Bing has recently launched their anti-Google campaign which they dubbed Scroogled. The campaign badgers Google for their recent switch to a paid model, where online merchants have to pay Google to feature their listings on the Shopping site. In short, Bing argues that consumers using the Google search engine are unknowingly getting paid ads in place of desired search results, thus worsening the accuracy of results and the overall customer experience. Furthermore, Bing then proclaims that they’re the sole provider of genuine search results.
The underlying theme in this whole Scroogled fiasco is hypocrisy. The same points that Bing tries to turn against Google, namely their switch to a paid model and the following lack of disclosure to customers about paid listings, are those that make Bing equally as guilty and hypocritical. Check out this comprehensive article on the whole Scroogled campaign.
Amazon’s New Wine Store
Still in its Beta stage, Amazon Wine has recently launched, providing a rather comprehensive and graphic-oriented database for wine enthusiasts. Clicking on a wine page features photos of the bottle, close-ups of the label, as well as the winemaker’s tasting notes.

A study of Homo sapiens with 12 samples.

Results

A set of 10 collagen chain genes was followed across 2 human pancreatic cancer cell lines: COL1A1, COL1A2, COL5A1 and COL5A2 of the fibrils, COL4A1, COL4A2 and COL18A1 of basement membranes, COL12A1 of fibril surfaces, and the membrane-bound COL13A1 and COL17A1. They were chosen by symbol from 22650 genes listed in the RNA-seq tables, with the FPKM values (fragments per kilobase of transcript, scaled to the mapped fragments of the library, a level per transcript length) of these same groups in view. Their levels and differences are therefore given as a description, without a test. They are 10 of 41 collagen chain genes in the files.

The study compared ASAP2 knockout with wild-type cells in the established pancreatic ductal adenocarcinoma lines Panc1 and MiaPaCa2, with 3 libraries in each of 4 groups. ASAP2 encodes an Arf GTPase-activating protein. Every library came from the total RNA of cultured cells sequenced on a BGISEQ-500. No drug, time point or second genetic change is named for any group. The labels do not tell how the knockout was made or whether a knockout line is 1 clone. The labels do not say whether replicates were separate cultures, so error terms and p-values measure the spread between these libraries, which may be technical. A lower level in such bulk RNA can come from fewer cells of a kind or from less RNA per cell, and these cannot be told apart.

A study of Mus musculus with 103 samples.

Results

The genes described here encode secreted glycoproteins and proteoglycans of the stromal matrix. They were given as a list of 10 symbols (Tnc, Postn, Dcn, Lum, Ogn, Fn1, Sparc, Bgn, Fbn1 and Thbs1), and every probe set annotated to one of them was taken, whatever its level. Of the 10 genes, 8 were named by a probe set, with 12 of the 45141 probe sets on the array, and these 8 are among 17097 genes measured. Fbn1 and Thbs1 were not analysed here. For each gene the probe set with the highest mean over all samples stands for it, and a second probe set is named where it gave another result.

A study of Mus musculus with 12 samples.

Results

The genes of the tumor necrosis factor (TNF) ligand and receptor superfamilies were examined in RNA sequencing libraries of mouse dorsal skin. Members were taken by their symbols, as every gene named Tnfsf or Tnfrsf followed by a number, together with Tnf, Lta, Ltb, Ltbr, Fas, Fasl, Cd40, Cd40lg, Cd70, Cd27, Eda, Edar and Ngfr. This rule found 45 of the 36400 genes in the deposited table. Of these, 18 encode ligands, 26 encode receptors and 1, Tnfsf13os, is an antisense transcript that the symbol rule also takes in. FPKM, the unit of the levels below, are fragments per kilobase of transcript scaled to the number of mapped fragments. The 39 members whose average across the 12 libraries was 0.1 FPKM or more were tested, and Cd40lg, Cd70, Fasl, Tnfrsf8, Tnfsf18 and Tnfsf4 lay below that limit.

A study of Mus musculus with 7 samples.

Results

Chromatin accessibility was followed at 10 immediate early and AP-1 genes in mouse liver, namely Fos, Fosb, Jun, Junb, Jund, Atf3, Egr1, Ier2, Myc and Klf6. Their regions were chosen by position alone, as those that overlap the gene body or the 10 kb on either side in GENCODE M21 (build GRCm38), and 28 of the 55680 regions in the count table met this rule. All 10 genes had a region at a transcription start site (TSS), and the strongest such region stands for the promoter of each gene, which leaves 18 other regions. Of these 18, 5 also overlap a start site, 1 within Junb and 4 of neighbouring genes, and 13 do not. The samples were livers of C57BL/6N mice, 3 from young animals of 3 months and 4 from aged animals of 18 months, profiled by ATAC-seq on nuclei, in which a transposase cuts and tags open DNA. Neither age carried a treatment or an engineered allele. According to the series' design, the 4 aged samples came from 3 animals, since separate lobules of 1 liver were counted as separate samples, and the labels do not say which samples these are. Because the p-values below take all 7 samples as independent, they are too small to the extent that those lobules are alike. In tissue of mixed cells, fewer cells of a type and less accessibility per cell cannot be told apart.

This is actually not Amazon’s first attempt at selling wine online, having miserably failed twice before with investments in WineShopper and New Vine Logistics.
Nextag’s New Merchant Sign-Up Process
In the past, when a merchant signed up for an account and completed all the relevant and necessary steps to complete the sign-up, the account would automatically go live. Now, however, merchants need to contact Seller Support and agencies need to contact a Nextag account manager in order to set up the import task (send in the data feed).
Only through deliberately contacting Nextag can a merchant’s data feed be evaluated, approved, and ultimately become live.